Fifteen days ago, with the third game of the National League Division Series between the Los Angeles Dodgers and the Atlanta Braves soon to begin at SunTrust Park, visiting pitching coach Rick Honeycutt discussed what he liked about this year's Dodgers.
"The playoffs are all about momentum," the Lakeview High School and University of Tennessee product said that Sunday evening, when his Dodgers were already up 2-0 in a best-of-five series they would win 3-1.
"We finished the regular season with momentum (winning 14 of their final 18 games). Everybody is throwing well in the postseason. That's what you always hope for this time of year."
Let the record show the Dodgers' momentum has now reached the World Series, which will begin Tuesday night in Boston's venerable Fenway Park against the Red Sox.
And while the BoSox are no doubt eager to show they're worth every penny of their MLB-leading $223 million opening-day payroll - the Dodgers are tied for fourth with the Washington Nationals at $180 million - Honeycutt and the Dodgers have a more painful reason to want to add to their five World Series crowns since the organization left Brooklyn for the Left Coast in 1958.
"Last year was a bitter pill to swallow," Honeycutt said of losing Game 7 of the World Series to the Houston Astros. "You work so hard to get there, from spring training in February, through the whole season, then the playoffs. Then you get to three games-all, and to lose the seventh game like we did was tough. It took a long time to get over that."
Indeed, after two extra-inning games and a 3-1 Dodgers victory in Game 6 to knot the Series at 3-3, the Astros rolled to a 5-1 clinching win atop the Dodger Stadium turf.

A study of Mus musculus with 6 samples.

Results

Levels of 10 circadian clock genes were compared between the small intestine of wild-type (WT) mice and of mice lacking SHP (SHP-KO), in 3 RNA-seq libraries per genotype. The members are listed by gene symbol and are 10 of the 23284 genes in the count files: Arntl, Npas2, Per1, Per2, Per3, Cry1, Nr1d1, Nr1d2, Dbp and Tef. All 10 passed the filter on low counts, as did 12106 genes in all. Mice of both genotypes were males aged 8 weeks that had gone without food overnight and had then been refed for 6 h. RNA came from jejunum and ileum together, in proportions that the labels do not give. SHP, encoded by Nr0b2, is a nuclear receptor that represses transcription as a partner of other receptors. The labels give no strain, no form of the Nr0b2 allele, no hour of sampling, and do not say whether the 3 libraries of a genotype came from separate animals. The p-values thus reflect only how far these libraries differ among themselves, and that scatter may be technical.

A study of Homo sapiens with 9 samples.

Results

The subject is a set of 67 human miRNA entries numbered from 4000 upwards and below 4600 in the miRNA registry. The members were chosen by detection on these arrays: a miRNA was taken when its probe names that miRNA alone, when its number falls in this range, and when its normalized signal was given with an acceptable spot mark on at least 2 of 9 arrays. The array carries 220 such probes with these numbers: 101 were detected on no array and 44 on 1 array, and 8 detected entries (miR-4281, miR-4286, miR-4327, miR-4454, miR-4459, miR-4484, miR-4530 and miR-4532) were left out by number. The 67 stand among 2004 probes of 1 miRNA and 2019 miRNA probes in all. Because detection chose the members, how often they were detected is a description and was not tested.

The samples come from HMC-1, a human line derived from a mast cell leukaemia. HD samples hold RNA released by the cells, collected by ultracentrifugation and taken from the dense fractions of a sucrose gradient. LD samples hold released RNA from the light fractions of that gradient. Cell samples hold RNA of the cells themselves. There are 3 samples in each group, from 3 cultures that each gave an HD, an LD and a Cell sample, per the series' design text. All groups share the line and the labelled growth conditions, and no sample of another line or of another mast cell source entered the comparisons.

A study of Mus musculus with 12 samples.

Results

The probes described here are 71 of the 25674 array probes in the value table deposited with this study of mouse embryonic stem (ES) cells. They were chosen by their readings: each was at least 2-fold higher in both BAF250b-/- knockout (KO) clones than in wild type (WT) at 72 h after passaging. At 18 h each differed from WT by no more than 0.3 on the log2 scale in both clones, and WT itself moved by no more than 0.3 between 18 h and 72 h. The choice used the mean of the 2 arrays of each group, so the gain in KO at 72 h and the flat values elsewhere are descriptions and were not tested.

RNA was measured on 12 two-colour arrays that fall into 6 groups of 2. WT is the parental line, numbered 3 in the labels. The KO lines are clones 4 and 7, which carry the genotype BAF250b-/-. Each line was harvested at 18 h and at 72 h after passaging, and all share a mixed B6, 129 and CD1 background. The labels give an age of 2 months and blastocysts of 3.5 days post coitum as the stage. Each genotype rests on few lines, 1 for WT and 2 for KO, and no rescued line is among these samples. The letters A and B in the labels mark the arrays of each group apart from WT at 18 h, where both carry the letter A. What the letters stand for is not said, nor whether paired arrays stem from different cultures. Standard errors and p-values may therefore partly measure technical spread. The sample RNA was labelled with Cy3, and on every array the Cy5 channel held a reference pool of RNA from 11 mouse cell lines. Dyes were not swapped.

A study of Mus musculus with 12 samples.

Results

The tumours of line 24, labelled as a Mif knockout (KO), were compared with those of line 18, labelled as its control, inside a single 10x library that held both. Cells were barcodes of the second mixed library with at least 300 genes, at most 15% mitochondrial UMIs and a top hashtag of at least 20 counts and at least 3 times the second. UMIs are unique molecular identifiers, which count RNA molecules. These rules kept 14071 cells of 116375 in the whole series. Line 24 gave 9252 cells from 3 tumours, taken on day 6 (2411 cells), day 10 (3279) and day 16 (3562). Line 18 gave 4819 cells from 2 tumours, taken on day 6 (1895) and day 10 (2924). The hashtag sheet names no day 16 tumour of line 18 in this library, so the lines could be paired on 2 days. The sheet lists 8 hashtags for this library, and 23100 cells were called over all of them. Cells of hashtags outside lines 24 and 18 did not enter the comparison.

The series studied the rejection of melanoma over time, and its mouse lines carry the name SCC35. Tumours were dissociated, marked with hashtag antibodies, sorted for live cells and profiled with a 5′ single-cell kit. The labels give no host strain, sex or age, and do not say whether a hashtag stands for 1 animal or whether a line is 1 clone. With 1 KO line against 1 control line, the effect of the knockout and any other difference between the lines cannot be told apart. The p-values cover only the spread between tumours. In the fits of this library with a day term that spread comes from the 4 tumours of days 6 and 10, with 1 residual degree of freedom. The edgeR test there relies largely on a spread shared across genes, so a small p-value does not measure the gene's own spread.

"When you get to that stage of the postseason, it's hard to overcome early deficits," Honeycutt said. "That last game was a dud."
Honeycutt's professional baseball career has been anything but a dud. During a playing career that lasted 20 seasons, included a 3-0 record in 30 postseason appearances, one World Series ring (1989) and 109 total wins and 38 saves, he was the oldest player in the majors in both 1996 and 1997, retiring at the age of 42.
But it's what the Chattanooga native has done as a Dodgers assistant that has arguably made the 64-year-old Honeycutt the most respected pitching coach in the major leagues. Hired for that job in 2006, he's now working for his fourth manager, Dave Roberts. No other Dodgers coach is still around from 12 years ago. Consider this, also: Honeycutt is the only pitching coach ace Clayton Kershaw has ever had in the majors.
"I'm pretty sure Rick is the only one of us with a lifetime contract," Roberts said with a smile during the Dodgers' trip to Atlanta in late July. "I know I'd hate to have to replace him. He's as good as there is in our business."
How much longer Honeycutt intends to remain in the business is another matter, despite his overseeing the majors' best cumulative ERA over the past 12 years.
"I love what I do, I still love being part of a team," he said. "There's nothing like it. But I know the end is getting closer and closer. I approach every year now like it could be my last. The travel gets a little harder every year. I think I like being back home a little more every year."
Yet just like last year's Fall Classic, Honeycutt will be in the Dodgers' dugout, probably standing near Roberts, when the World Series starts Tuesday night. (Game's 1 first pitch is set for 8:09, and Fox will televise all of the games.) Honeycutt, no doubt, will make at least one trip to the mound in every game. His pitchers will almost certainly show time and time again why the Dodgers will never voluntarily part company with Honeycutt.
Then, whenever and however it ends - a seventh game, if necessary, would be played Halloween night at Fenway - he and wife Debbie will close up the apartment he keeps in Los Angeles during the season and return home to the Scenic City.
"It's always great to get home, see the kids and the grandkids and give everyone a big hug," Honeycutt said. "Then we always try to have a dinner for everyone, including my parents, just to get the whole family together."
"Well, I imagine I'll try to get in a few rounds of golf as soon as possible," he said
But first there's a World Series to chase with all those wonderful arms Honeycutt has nurtured and developed.
"We're in a good place," he said of the Dodgers 15 days ago. "We're pretty healthy. We're on a good run at the right time. It would certainly be great to get that bitter taste from last year out of our mouths this time around."
Especially if this finally becomes the year that Honeycutt returns home for good.
Contact Mark Wiedmer at firstname.lastname@example.org.